Trying not to be himself, the director reveals more of himself


Tommaso (Willem Dafoe) teaches acting to students in Rome

The approaches of the other three directors in their respective 2019 films are somewhat different. Spanish director Pedro Almodovar made his semi-autobiographical film Pain and Glory with the lead character, a fictional film director named Salvador Mallo (Antonio Banderas, winning the Cannes Best Actor award for the performance) with some obvious parallels to Mr Almodovar’s own life. According to journalist Sabrina Rojas Weiss, writing in Refinery29, Almodovar admitted to Los Angeles TimesThere is a lot of myself there, but somethings belong completely to my life and some do not but could have been.” Joanna Hogg’s film The Souvenir is again autobiographical, recalling her days in a film school through the eyes of a fictional film student called Julie. Only in the case of the Palestinian director  Elia Suleiman, in his admirable work It Must Be Heaven, the director chooses to play himself facing the camera without uttering a word but as a spectator of humorous, semi-fictional events and identifying himself with his initials ES. 

While Suleiman identifies himself and his thoughts in his film almost completely through visuals, Abel Ferrara chooses to identify his honest thoughts using the spoken words of his nom de plume Tommaso. When Tommaso is picked up by the secret police in Italy for making some comments in public and is forcibly made to confront a senior police official, Tommaso states with certain gravitas: “The temple of all laws must fall. A new temple of truth should be built. Don’t take me literally. What is truth? Truth is you are in pain, you have a terrible headache. You are thinking of suicide. You should take a walk in the park. The trouble is you lack empathy. You care for your dog.” The viewer would initially assume the rant is about Tommaso. You realize it isn’t only when the police official removes Tommaso’s handcuffs and responds to Tommaso with respect, “Are you a doctor?” Ferrara is merely emphasizing the importance of a film director to note details and gestures of people around them as an observant doctor would. 

Tommaso with his wife (Christina Chiriac, a.k.a. Mrs Ferrera)

Ferrara does not limit the film to the present. He reveals a bit of his tortured past in a group therapy session for drug addicts where he recalls he asked his 4-year-old adopted girl child “Are you leaving because I make too much noise?” (a likely scenario from his own life). The very same Tommaso ironically rushes out to quieten a drunk Pakistani shouting in the street outside his apartment in Rome at night because Tommaso’s (read Ferrara’s) real girl child born much later in life is likely getting disturbed by the noise of the drunkard’s rants. Mr Ferrara seems to indirectly state that he has matured over the years, being more responsible for his family. In another sequence in Tommaso, the character hallucinates that his daughter is run over by a car while crossing the street while rushing to hug him.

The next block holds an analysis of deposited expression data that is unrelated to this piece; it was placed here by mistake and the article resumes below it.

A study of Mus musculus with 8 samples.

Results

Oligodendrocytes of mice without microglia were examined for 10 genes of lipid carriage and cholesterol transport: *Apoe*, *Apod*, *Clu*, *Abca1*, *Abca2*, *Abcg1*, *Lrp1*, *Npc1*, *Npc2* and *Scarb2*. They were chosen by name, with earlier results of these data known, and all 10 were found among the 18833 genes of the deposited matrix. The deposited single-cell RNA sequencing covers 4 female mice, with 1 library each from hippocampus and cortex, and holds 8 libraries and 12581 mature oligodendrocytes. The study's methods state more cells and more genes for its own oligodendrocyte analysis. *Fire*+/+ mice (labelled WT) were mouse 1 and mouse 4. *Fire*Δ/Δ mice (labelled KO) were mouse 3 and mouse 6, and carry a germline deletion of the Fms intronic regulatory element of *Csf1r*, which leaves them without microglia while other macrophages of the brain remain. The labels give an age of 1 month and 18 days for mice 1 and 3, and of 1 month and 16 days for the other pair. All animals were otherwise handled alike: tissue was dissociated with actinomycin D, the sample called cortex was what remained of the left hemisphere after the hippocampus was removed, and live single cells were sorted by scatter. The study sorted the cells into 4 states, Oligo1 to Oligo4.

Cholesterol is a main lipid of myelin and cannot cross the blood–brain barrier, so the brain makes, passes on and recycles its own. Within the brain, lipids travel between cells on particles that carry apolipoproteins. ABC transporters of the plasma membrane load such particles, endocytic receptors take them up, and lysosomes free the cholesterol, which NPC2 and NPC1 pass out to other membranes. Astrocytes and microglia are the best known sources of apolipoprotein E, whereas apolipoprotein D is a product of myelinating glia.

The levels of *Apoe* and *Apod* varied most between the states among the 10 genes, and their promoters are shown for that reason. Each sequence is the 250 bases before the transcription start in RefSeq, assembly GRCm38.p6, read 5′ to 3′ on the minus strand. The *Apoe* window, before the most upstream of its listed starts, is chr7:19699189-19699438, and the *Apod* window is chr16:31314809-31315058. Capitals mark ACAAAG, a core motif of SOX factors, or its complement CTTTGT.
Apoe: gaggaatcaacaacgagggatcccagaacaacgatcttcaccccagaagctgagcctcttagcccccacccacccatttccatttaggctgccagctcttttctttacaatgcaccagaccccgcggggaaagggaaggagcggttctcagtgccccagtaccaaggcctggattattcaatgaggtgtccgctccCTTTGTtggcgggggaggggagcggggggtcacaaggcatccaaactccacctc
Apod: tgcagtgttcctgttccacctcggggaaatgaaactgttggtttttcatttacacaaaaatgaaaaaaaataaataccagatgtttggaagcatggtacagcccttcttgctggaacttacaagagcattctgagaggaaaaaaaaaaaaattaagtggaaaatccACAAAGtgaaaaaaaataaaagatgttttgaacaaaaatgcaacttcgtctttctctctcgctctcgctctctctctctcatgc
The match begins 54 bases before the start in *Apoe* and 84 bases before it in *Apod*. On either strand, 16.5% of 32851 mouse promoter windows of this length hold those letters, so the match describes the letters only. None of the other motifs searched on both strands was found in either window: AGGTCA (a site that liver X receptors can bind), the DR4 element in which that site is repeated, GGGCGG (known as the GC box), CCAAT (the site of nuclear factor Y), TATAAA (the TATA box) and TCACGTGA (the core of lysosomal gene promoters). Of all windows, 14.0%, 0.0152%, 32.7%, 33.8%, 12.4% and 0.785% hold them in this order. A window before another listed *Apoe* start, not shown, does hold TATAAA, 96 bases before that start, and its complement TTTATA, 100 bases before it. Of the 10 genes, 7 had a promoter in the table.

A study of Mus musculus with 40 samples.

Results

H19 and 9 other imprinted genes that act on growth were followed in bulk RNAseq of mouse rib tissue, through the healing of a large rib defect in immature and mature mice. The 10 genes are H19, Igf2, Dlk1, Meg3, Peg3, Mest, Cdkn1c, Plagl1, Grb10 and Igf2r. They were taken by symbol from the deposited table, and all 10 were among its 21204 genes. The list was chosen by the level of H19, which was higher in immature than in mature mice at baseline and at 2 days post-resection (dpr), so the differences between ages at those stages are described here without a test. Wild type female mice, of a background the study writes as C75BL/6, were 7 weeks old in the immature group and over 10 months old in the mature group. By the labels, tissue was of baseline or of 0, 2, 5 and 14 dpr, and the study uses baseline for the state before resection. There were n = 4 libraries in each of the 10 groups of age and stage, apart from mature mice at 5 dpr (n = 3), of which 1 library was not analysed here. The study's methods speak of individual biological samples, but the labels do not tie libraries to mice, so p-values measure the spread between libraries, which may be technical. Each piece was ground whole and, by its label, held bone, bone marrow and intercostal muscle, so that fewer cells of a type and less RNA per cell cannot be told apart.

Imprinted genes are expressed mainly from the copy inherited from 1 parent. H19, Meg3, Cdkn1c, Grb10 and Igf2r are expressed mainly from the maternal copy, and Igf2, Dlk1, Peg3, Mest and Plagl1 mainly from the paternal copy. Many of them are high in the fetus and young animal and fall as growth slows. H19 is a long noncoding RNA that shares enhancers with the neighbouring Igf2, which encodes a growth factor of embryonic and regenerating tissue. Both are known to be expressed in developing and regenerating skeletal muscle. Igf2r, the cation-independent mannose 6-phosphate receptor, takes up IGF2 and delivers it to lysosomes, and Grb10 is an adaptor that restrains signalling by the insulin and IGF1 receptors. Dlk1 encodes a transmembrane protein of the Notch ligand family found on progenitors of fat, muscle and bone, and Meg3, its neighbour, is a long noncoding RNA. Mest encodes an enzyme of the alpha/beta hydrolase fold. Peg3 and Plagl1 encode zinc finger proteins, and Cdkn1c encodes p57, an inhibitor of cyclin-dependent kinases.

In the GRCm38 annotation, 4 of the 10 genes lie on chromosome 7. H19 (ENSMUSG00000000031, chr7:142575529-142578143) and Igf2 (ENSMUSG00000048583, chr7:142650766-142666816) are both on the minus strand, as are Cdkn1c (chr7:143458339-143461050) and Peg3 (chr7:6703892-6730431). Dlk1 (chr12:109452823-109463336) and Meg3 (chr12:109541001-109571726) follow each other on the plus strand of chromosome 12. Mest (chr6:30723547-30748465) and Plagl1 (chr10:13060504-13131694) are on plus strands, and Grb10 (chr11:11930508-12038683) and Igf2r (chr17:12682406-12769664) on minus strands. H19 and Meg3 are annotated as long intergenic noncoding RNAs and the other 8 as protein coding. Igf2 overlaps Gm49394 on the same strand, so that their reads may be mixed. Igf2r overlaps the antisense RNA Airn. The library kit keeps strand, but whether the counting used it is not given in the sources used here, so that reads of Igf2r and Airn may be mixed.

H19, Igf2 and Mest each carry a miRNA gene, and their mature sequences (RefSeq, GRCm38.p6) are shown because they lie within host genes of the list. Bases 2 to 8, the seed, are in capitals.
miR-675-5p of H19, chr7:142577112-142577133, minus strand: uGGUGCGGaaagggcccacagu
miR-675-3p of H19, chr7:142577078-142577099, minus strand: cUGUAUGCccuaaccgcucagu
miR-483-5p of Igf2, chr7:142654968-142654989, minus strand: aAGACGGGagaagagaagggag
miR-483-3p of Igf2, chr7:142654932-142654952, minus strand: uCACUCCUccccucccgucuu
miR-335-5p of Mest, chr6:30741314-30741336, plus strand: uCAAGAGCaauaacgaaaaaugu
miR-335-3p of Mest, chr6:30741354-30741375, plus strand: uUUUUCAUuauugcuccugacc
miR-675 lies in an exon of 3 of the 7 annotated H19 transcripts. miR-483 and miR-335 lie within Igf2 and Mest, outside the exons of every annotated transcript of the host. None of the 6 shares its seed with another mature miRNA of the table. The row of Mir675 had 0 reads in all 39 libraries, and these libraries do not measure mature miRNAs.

Tommaso watches his daughter enjoy a cone of gelato 

If one looks at Ferrara’s move to Italy from the US to make films one of his films made in 2009 is a docudrama called Napoli, Napoli, Napoli (Naples, Naples, Naples). In Tommaso, towards the end, there is a scene of Sophia Loren dancing in her 1960 US film It Started in Naples playing on a video screen to which Tomasso’s daughter Deedee is dancing in tune. These visual connections would be lost on a viewer who does not know much about Ferrara’s life and career. In a very revealing interview to Eric Dahan in Numero, Ferrara states “All my films, alas, say something about me, one way or another. I try not to be me but in the end of course I cannot help it.” 

Ferrara reveals his own tortured creative life with simple actions in Tommaso. While Tommaso is trying to work on a screenplay for a film project in the night when all his family is asleep, a light bulb of a crucial lamp in his study fails and new bulb that he replaces it with in the lamp also fails as he switches on the electric current. The next morning, an angry Tommaso, is on screen walking down the pavement with the troublesome lamp in hand, leaving it on the sidewalk but not in the trash bin, as his wife and daughter watch his angry actions with concern from a safe distance. 

For Ferrara watchers, Tommaso is merely one of many films that the director has used Willem Dafoe as a lead actor of preference. Dafoe played the lead in the biopic Pasolini (2014), another Ferrara film set in Italy, 4:44 Last Day on Earth (2011), Go Go Tales (2007), New Rose Hotel (1998, sharing lead with actor Christopher Walken) and again in Siberia (2020). The close ties between the director and the actor increases in Tommaso where Ferrara depicts Dafoe playing Tommaso allegorically “crucified” in public in modern Rome creating a visual connect between Dafoe’s role as Christ in The Last Temptation of Christ. Next to the “crucified” Tommaso is a “crucified” African immigrant as a follow up to a sequence where Tommaso offered a group of African immigrants, sitting around an open fire in a garden the previous night, an allegorical “bloody heart” during a “last supper” while speaking the words “Take this. This is all I have.” 

To appreciate Tommaso, the viewer has to be essentially familiar with Ferrara’s work. If one is familiar with Ferraro’s life and work, Tommaso offers a lot for the viewer. Evidently Dafoe knows this well and gives fine performances in each Ferrara film. Tommaso is no exception. 

P.S. Tommaso is one of the author’s top 20 films of 2019. The film won the grand jury prize at the Lisbon and Estoril Film Festival. Elia Suleiman’s film It Must Be Heaven mentioned above has been reviewed on this blog earlier (Click on the name of the film in this post-script to access it.)